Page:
San Fran Continues To Embrace Bruce and Hairspray

Morgan Hill Times
By Camille Bounds
Friday, May 21, 2004

Move over Disneyland – The Golden Gate Theatre in San Francisco in now the “Happiest Place On Earth.”

The touring production of “Hairspray” that won eight Tony awards literally flew into town with the force of a jumbo jet landing with bad brakes on a steep runaway. From the minute the curtain rises and chubby, idealistic Tracy Turnbland (Keala Settle) steps on the stage, the energy never stops. With a musical score that makes the audience move to the 60’s beat to sharp, crisp exuberant choreography, to dancers that give 200 percent, you have a lovefest that you only felt in the finale of “Mama Mia” except this carries throughout the whole show. Fasten your seat belts, you are in for the ride of your life.

Keala Settle as Tracy is a package of bombastic, nonstop movement with a great voice to match. If we could harness the energy she puts fourth at each performance our power shortage would be a thing of the past. She is a cherubic delight in the role of the idealistic, positive thinking Cupie doll that plans to change the world and get her hero in the end. She does.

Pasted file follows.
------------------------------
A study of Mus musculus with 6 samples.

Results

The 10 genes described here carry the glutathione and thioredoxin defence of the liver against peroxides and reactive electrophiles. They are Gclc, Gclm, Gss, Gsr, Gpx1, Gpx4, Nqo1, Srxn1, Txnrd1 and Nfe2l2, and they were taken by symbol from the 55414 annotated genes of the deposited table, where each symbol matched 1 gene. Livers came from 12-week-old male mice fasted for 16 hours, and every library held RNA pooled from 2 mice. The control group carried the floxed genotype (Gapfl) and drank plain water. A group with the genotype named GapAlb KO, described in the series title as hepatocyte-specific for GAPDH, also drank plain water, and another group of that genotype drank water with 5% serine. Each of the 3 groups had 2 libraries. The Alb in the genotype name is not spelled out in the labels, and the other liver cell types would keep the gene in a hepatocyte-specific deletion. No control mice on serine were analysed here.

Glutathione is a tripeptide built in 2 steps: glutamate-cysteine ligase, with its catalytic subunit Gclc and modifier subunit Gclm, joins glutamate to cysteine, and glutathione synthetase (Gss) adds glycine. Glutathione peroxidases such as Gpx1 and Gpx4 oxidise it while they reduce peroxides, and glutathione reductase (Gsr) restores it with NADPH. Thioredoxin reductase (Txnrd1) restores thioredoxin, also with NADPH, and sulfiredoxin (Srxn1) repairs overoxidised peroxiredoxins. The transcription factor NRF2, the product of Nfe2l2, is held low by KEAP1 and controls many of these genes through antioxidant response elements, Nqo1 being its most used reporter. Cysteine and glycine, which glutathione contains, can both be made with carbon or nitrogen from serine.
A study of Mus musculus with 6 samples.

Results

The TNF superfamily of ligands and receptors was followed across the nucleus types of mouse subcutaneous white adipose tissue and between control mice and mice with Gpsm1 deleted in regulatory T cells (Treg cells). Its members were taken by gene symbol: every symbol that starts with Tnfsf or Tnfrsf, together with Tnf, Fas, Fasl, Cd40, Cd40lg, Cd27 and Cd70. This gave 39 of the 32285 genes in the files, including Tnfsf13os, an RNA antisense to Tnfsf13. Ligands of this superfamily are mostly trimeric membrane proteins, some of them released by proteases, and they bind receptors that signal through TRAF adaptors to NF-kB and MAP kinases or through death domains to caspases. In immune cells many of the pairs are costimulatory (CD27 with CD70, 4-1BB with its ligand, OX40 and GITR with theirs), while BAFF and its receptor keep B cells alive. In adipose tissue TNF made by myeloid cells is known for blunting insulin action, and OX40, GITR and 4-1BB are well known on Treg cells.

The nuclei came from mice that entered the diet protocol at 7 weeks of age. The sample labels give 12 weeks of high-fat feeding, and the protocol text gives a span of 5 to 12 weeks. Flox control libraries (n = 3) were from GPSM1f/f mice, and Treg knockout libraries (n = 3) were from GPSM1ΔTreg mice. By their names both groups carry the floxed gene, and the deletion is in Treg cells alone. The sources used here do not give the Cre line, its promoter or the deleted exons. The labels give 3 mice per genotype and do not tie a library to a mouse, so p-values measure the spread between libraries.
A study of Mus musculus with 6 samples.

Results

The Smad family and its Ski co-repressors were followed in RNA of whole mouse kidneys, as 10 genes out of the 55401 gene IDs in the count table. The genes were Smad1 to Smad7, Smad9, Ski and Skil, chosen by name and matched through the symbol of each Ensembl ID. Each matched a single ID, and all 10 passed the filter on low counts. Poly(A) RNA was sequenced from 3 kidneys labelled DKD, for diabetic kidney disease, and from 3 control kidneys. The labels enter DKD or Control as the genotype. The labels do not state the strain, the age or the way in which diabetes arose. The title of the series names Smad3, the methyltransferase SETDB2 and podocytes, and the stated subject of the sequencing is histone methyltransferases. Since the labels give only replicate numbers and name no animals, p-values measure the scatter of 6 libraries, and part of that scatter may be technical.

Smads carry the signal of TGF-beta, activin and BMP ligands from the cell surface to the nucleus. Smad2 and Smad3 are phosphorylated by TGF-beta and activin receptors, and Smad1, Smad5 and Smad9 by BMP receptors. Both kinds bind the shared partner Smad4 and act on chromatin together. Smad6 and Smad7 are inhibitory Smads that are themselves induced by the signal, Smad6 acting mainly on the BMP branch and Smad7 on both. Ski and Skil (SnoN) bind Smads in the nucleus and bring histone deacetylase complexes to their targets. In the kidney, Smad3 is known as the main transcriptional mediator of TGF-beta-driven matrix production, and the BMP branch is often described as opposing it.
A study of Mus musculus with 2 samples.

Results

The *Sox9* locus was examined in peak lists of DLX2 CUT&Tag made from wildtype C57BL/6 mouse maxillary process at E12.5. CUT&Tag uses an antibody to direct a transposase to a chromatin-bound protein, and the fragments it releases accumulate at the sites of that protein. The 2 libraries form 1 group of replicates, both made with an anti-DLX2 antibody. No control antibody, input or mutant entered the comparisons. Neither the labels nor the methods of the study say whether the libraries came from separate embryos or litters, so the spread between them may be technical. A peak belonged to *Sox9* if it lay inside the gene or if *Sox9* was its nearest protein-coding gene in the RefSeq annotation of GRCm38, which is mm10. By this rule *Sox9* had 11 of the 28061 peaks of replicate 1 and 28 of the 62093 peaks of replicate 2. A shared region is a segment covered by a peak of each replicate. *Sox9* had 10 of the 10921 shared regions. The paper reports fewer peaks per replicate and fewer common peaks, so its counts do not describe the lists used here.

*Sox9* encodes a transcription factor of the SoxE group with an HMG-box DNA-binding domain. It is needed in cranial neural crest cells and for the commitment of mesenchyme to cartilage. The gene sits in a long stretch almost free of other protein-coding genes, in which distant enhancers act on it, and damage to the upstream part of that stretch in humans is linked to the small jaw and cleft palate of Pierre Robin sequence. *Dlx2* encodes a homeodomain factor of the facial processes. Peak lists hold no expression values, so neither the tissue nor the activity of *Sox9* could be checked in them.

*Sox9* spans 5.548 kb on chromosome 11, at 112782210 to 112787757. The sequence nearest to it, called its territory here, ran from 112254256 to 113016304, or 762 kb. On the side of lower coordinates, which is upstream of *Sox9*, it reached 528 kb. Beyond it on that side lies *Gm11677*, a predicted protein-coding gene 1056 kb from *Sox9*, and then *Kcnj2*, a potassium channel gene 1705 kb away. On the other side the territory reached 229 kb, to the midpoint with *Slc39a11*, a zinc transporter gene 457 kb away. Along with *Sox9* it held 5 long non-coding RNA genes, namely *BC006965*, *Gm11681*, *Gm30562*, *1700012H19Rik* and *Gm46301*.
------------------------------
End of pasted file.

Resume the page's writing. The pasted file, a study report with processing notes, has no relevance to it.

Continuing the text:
Never mind that this is a frivolous, silly plot of the 60s with a message that comes through with remembrance of a past time. It works, its fun and a joy to watch. Tracy’s dream is to win a local teen age T.V. dance contest, win the heart of sleek hunk, Link Larkin (Austin Miller), and integrate the world starting with the T.V. stations of Baltimore.

Bruce Vilanch plays Tracy’s mother the indomitable Edna who tromps around draped in dowdy muu muu’s, hairnets and Gucci-type gowns. He trundles around like a hippo from Fantasia and underplays Edna in just the right places.

Terron Brooks as Seaweed, the black/white love interest, is another multi-talented energy machine that doesn’t let the patrons blink.

Eleven-year-old Kianna Underwood plays Little Inez Seaweed’s precocious little sister with the aplomb and maturity of her older counterparts and a singing voice that is developed beyond her years.

The fast moving, tight direction of Tony winning David O’Brien, David Rockwell sets and William Ivey Long’s Tony winning costumes are all amazing and won’t let the attention lapse. These are the areas of stage craft at it’s finest that we are fortunate to be able to experience.

This entire cast works with a freshness you don’t often see in touring companies, they work like it’s the first perfect performance after final dress rehearsal. Not an easy task after performing the same part dozens of times. These people emit the feeling that they are thoroughly, ultimately and sincerely enjoying themselves. The audience can feel this and with this feeling becomes a part of the total picture instead of the casual onlooker. A unique experience.

Here is another experience well timed for the times. If you want to just feel good go and see “Hairspray”.

Camille Bounds is the arts and entertainment editor for the Western Division of Sunrise Publications.